The UN’s Shocking Report on US Poverty

This Al Jazeera news feature highlights the recent report by UN Special Rapporteur Philip Alston on extreme poverty levels in the US. Panelists include Alston himself and antipoverty activists from Alabama and Skid Row in Los Angeles. A Guardian reporter accompanied Alston on his tour of American communities. The photos are heart wrenching.

Alston points out the US is very different from other poverty-stricken countries he visits. Other countries have large indigent populations because their governments are too poor to assist them. In contrast, the US has just awarded $1.5 trillion to its most wealthy citizens.

According to Alston, the US has 40 million people living in poverty and many of them are employed. During his investigation, he spoke to WalMart employees who can’t afford to feed their families without federal food stamps. The US government provides $6 billion in food stamps to WalMart employees.

20 thoughts on “The UN’s Shocking Report on US Poverty

  1. Reblogged this on necltr and commented:
    It is the goal of the powers behind the U.N. to break the United States, and the promoters of the NWO have been working at that. The United States stands for success, and most of us want all nations brought up to our level, not all nations (including the U. S.) brought to levels even lower than where we are today. If the Globalists are successful, almost everyone will suffer as everyone will see who the people of privilege really are.


    It is useless for the U.N. to continue to send yet another Special Rapporteur to tell US what we already know; that extreme poverty is affecting millions of Americans. The U.N. had previously sent Special Rapporteur, S. James Anaya to report on the plight of the Indians in America and he was ignored. So, what is going to be different THIS time? Not a damn thing! Congress and the president just showed us that with this so-called ‘tax overhaul bill’ that’s coming down the pike and is a huge Christmas gift for the rich while the poor are out spending money they don’t have to try and give their children a “Merry Christmas!”

    They can take pictures of the pitiful and the homeless until the cows go out and come back, but it will make not one bit of difference because those who hold the purse strings will continue to make sure that the needs of the poor are never met.

    People don’t get it already? We are of no use to them, what with robots coming down the pike and everything of any value already pillaged and looted by venture capitalists and hedge fund managers, Wall Street shysters and other corporate hustlers.

    And what do we do? Nothing. What will we do? Nothing. So what this Special Rapporteur has to say is valueless because who don’t already know that we are sinking in our own individual Titanics?




    But where is the analysis in this report to explain this destitution? I’m not hearing it. And that’s the problem, isn’t it? People know there is something flagrantly and terribly amiss, but they don’t understand the dynamics that make for this poverty in the midst of plenty.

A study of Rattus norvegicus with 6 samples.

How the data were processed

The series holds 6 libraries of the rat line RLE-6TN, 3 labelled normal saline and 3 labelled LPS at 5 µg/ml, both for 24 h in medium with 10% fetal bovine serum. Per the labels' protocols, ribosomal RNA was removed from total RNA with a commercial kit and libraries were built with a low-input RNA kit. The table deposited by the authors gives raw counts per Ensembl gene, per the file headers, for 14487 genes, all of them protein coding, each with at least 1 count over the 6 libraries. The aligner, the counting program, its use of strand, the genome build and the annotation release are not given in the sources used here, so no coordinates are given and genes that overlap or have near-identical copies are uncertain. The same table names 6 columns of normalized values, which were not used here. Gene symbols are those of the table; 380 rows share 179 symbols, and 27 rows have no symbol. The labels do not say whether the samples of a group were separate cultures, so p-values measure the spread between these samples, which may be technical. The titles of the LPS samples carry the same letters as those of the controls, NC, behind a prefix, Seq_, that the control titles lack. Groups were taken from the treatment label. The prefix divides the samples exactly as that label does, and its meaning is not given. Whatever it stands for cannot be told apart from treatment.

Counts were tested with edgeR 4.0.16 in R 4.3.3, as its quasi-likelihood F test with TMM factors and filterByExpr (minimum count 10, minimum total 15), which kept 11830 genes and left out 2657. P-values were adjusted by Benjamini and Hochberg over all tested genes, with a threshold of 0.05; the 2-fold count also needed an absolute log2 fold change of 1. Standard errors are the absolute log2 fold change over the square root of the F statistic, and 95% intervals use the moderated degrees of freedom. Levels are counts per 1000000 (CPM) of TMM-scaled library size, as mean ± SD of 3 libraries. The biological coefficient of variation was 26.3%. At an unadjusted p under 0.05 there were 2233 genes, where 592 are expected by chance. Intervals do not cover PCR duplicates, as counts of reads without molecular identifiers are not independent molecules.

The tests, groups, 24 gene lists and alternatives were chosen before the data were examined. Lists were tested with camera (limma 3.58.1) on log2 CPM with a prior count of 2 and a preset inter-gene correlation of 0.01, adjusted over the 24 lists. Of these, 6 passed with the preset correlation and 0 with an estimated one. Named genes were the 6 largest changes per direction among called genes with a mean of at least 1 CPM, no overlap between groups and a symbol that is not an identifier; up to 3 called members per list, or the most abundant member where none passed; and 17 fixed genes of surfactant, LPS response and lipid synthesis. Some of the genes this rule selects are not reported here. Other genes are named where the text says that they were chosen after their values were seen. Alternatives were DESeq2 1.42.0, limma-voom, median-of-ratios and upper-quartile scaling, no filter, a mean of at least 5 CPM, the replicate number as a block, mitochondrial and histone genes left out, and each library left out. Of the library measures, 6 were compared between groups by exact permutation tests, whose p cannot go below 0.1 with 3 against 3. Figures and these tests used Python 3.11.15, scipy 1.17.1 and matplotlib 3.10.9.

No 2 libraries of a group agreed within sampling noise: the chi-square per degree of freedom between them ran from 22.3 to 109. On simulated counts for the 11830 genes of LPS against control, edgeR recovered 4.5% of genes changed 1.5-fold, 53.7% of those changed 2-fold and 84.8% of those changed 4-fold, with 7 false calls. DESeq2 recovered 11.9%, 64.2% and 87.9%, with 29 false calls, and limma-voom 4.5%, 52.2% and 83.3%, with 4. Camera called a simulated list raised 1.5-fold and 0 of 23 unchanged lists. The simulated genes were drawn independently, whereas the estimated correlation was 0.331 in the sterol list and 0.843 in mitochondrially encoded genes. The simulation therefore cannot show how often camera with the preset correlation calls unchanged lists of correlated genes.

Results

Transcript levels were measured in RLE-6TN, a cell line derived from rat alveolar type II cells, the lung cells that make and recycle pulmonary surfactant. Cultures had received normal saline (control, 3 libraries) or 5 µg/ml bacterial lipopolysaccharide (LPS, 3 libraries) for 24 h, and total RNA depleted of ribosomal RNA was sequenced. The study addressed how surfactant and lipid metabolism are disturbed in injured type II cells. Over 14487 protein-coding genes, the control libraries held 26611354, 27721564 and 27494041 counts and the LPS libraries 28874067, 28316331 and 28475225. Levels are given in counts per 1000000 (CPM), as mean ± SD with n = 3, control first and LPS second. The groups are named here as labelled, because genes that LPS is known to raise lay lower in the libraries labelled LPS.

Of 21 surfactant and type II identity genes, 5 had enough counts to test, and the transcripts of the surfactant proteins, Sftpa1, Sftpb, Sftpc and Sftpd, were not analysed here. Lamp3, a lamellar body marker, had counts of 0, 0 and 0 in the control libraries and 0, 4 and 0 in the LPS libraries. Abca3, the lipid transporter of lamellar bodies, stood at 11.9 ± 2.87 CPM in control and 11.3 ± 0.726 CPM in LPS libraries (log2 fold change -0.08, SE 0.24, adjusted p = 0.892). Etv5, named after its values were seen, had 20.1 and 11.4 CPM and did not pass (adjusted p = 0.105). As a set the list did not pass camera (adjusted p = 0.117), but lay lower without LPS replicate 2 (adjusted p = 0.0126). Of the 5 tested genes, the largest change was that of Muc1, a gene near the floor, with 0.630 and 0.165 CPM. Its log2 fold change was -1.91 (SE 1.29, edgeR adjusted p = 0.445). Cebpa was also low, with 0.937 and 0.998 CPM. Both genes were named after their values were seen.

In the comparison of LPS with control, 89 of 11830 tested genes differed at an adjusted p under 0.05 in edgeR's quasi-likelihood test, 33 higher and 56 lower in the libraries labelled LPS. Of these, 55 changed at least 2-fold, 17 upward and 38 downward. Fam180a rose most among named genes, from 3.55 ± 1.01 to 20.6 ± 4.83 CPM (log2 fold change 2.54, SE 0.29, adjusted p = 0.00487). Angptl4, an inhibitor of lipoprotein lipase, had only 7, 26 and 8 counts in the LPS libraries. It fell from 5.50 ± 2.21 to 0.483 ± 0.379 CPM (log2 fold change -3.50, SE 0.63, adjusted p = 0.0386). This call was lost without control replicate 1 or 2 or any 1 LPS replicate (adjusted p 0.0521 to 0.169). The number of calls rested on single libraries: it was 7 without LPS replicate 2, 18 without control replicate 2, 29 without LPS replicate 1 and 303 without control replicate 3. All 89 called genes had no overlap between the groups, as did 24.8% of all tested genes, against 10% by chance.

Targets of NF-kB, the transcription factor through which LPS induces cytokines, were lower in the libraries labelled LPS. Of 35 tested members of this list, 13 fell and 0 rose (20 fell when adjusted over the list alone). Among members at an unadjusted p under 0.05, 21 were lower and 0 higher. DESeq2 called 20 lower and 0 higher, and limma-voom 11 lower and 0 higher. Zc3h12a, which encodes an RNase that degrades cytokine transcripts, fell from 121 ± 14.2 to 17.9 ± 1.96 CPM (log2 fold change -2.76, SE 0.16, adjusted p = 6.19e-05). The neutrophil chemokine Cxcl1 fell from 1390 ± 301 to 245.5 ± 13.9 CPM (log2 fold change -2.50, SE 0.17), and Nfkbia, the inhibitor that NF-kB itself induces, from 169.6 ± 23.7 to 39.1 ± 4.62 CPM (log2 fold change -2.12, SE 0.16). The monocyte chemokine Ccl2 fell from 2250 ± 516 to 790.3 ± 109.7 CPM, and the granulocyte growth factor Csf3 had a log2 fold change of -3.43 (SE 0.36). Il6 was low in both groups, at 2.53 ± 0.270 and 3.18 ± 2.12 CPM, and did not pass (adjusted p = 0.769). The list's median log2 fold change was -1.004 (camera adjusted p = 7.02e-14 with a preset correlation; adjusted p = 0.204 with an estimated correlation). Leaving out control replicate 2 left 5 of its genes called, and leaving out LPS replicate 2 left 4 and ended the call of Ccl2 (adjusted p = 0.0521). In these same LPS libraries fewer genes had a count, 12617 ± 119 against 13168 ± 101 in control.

More and more, I’m of the opinion that our collective circumstance is utterly beyond hope.

    “Capital,” that is to say, the culture and the practice of “commodity exchange” is at the very root of the inhumanity devouring us.

    But arising to an insight of that “fact” requires such an enormous and systematic expenditure in time and effort that learning “it” is quite beyond the ken of the vast majority, however “educated” or not, inculcated as we simply all are by experience and education and tradition into a mindset which cannot but only see and understand social reality through a capitalist lens or in terms of the iron law of “commodity relations.”

    Unless the majority wakes up to the mode of its alienation, to an actual and essential understanding of the dynamics of its self-immolation, we are all fucked.

    The older I get and the more I think I understand, the less likely does the prospect of a mass awakening appear to be. The imperatives of cultural hegemony are greater than we can hope to overcome.

    There’s only one way to organize to dismantle capitalism in a police state and that’s the way Lenin did – clandestinely in highly decentralized underground cells.

    Yes, it is genocide.
    We must face the fact that the only thing that will stop capitalism is a revolution. Capitalism CANNOT stop itself.



      The Bolshevik coup (in which the Bolsheviks systematically annihilated the anarchists and other non-Bolsheviks in the revolutionary coalition) occurred during 1918-1920 after the invasion of the Soviet Union by US, UK, and France. The Bolsheviks believed (with good reason) that the only way they could repel the invading forces was to consolidate the Russian military under their control. If the Russian people had been left to their own devices, I believe the Russian revolution would have continued as democratically as it started.